Leading Article: Have a nice day, Mr Adams

THE BRITISH government was foolish to object to the Americans granting a visa to Gerry Adams. In the first place it was unrealistic. Anyone in Washington could have told Downing Street that if Bill Clinton were forced to choose between pleasing the British or winning congressional support for his health care reforms, he would not hesitate for a second. The tattered remains of the special relationship had no chance against congressional pressure for the visa. Britain would, therefore, have been wiser to accept the inevitable instead of inviting a public rebuff.

Better still, it could have positively encouraged Mr Adams's trip to New York. Among the incentives he is being offered for winning IRA endorsement of the Anglo- Irish declaration is the prospect of entering mainstream politics. There is every sign that this attracts him. New York will give him a taste of what is on offer if he can earn respectability.

It is also possible that he will benefit from contact with responsible Irish-Americans, most of whom have endorsed the declaration. The Ancient Order of Hibernians in the US sent a strong message of support to both governments in December, and Senator Edward Kennedy's sister, who is the American ambassador to Dublin, will certainly have reported home in detail on the Irish government's attitude. American opinion should therefore be well in touch with reality, and not likely to mistake Mr Adams for the voice of all Ireland.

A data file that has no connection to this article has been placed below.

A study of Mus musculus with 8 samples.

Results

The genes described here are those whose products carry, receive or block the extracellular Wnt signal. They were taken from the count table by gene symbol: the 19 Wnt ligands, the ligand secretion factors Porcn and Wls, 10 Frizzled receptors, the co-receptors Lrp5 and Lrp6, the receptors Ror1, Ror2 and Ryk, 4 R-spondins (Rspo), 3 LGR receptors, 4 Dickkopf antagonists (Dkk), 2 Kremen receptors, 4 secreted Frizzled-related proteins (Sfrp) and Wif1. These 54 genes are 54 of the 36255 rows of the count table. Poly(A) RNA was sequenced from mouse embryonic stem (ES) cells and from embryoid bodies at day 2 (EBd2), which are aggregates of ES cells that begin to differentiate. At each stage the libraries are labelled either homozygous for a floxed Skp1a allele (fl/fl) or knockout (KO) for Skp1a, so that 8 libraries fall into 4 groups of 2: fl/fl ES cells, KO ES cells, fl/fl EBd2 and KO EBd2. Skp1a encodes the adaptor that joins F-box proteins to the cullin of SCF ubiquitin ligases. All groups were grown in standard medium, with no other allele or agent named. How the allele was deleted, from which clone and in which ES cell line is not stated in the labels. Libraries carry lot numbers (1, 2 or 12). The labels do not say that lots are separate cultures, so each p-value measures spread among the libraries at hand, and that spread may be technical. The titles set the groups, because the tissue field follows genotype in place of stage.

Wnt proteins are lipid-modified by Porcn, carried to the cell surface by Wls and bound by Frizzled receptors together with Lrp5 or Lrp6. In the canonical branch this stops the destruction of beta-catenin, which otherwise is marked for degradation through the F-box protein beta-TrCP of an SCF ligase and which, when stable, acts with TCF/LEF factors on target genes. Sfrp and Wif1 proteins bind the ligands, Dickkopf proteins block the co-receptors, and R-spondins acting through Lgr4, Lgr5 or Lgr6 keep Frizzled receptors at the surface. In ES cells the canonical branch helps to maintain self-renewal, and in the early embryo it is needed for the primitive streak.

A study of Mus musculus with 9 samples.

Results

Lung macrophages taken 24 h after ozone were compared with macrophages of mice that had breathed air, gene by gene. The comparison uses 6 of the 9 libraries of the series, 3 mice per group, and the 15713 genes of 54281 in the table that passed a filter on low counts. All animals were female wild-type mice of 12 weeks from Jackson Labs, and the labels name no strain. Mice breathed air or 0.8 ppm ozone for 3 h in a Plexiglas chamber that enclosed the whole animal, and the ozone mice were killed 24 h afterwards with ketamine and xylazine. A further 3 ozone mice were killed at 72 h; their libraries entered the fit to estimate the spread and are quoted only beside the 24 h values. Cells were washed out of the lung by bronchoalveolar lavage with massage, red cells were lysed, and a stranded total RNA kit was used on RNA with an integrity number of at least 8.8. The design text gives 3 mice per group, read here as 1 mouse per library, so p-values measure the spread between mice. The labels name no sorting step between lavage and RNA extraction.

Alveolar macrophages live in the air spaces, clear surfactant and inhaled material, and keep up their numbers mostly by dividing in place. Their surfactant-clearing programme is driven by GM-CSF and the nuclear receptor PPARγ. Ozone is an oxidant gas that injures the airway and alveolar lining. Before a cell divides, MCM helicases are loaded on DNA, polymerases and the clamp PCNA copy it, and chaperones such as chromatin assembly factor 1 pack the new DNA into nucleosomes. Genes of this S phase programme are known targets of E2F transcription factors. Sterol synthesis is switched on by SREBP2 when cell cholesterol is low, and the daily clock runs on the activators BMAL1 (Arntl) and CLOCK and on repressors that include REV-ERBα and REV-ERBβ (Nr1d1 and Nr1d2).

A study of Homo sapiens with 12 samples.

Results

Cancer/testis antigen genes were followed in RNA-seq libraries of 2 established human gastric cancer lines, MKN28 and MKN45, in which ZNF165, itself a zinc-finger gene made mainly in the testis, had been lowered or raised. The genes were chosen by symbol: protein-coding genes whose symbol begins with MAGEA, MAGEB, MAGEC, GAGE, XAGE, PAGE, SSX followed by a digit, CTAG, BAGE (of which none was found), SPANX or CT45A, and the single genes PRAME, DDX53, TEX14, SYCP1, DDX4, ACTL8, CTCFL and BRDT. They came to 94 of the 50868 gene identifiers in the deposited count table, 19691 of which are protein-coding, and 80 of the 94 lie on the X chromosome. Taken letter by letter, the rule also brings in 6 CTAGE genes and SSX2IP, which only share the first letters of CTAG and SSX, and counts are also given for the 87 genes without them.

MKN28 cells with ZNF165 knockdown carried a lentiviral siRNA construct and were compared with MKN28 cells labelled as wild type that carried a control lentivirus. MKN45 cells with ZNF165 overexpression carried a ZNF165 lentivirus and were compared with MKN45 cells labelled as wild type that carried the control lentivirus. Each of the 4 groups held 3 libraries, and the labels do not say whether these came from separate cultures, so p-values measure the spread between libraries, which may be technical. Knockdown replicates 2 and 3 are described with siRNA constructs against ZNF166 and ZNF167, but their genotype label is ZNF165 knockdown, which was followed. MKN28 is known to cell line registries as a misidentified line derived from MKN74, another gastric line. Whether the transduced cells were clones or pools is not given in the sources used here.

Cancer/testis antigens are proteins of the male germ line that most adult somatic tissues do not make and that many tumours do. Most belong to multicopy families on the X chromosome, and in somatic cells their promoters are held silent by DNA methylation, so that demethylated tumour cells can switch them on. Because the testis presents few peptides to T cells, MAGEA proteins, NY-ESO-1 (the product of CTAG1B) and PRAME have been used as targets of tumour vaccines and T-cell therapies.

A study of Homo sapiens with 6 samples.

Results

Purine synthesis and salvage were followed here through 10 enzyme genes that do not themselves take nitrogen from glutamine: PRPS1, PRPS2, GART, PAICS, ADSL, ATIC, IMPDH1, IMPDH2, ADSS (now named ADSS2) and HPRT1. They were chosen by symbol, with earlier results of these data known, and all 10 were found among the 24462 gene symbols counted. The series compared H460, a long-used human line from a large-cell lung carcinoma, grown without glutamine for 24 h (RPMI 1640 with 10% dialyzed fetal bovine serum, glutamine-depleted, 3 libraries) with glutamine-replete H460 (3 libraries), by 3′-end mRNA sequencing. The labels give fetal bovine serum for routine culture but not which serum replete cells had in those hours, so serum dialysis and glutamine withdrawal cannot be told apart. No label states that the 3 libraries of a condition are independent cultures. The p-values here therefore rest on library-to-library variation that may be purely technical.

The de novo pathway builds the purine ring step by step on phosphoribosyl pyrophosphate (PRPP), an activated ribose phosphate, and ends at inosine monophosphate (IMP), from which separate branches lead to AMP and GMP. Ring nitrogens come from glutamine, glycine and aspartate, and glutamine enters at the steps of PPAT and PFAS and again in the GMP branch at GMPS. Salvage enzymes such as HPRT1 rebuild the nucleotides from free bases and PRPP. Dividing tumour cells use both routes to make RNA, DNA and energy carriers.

The only strong reason for denying him a visa would have been fear that he would spend his time whipping up support and funds for the IRA. Not only is he forbidden to do this under the terms of his visa, but he also has no good reason for attempting it. He still wishes to be seen by the British government as doing his best for peace, and in the US he can only gain from appearing statesmanlike.

It is always a problem when dealing with terrorist organisations and their supporters to know when to allow them out of isolation. The main test is a pragmatic one: will doing so enhance the chances of peace? In the case of Mr Adams, the British government has already decided to accept him as an interlocutor on the understanding that his value depends on how much he delivers.

While awaiting the answer, there is every reason for encouraging him with graduated concessions such as the New York trip. He will be under no illusions that if he fails to deliver he will be quickly back in the political ghetto. In the meantime, he will have a chance to clarify his position and show how he conducts himself on a wider stage.